The Pensions Regulator has set out how it plans to maximise employer compliance with auto-enrolment, with an approach that mixes providing advice with putting systems to ensure employers meet their duties.
Delivering successful automatic enrolment, published today, also sets out how the regulator plans to support the pensions industry to deliver defined contribution schemes with the characteristics necessary for good outcomes.
It aims to ensure compliance with auto-enrolment is as high as possible after its introduction begins in October 2012 and to ensure workplace pension schemes are 'safe, durable and value for money' schemes.
In particular, it will provide employers, intermediaries and advisers with the information, tools and support they need to get to grips with the new duties. It will also establish a 'pro-compliance culture' so that employers understand how the law is being applied and that persistent or wilful non-compliance will result in a fine.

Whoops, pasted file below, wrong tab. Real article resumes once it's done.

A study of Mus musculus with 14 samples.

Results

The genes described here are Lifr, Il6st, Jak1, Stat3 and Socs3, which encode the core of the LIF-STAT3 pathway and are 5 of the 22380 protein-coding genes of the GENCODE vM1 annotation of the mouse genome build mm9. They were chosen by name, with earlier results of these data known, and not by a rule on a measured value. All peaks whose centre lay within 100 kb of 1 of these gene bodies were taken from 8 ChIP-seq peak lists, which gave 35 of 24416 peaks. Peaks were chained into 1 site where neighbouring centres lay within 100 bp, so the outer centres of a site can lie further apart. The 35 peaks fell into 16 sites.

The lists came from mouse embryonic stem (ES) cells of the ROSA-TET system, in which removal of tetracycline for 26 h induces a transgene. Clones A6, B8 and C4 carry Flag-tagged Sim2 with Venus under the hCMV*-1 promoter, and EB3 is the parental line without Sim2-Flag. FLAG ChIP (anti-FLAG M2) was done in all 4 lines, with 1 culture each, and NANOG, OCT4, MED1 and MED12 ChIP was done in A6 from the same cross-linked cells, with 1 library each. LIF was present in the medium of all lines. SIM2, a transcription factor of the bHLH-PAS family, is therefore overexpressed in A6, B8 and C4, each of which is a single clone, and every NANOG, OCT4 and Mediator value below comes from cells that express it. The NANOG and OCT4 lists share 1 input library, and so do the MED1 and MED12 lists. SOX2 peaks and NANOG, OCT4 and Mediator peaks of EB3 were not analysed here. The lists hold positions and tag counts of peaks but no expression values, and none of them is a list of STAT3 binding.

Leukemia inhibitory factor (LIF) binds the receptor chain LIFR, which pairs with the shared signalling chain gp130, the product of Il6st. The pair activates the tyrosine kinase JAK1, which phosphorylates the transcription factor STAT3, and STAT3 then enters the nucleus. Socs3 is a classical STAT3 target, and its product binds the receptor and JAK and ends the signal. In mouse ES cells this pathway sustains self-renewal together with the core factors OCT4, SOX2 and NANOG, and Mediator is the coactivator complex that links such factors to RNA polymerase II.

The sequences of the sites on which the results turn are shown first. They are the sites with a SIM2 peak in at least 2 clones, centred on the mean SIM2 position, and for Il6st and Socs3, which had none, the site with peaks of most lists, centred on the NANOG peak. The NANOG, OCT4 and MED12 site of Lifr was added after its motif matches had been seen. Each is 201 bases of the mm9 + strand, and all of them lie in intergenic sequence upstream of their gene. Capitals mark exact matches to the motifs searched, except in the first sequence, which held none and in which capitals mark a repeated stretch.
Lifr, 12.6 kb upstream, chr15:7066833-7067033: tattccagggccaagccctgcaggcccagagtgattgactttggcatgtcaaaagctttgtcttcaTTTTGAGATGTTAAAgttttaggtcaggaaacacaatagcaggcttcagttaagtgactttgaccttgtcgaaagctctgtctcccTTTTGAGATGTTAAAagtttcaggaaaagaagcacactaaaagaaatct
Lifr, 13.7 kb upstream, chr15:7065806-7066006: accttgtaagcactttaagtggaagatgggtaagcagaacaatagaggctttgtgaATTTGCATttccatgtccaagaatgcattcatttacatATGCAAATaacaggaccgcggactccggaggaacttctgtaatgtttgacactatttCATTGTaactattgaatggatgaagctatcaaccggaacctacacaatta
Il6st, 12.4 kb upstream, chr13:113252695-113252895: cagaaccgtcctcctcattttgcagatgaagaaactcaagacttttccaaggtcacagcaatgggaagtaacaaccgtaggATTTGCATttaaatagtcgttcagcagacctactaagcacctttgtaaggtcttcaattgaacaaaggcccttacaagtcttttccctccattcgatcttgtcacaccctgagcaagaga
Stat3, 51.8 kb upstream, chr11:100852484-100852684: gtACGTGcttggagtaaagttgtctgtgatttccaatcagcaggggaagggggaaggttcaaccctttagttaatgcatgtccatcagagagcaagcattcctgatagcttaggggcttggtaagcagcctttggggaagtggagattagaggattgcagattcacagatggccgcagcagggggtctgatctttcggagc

And, it will put systems in place to detect and tackle instances of non-compliance.
Chief executive Bill Galvin said the Pensions Regulator was committed to increasing both confidence and participation in workplace pensions, with up to eight million workers expected to be either newly saving or saving more under the law.
'Our approach will be to provide high-quality information and support so that employers know what they need to do to fulfil their new duties, and take action at the right time,' he said.
'The vast majority of members will be automatically enrolled into DC schemes. We will take a targeted approach to risks within the different segments of the DC landscape - and work with the pensions sector to encourage the design and delivery of products that place the interests of members at their heart.'
The document also explains how the regulator will work with the pensions sector with the aim that members are automatically enrolled into pension products that are well-governed, durable and offer value for money.
This involves encouraging the market to deliver schemes that encompass the regulator's principles for good design and governance of DC schemes, and taking a 'segmented' approach to regulation which recognises that some parts of the DC landscape are more likely than others to deliver good outcomes.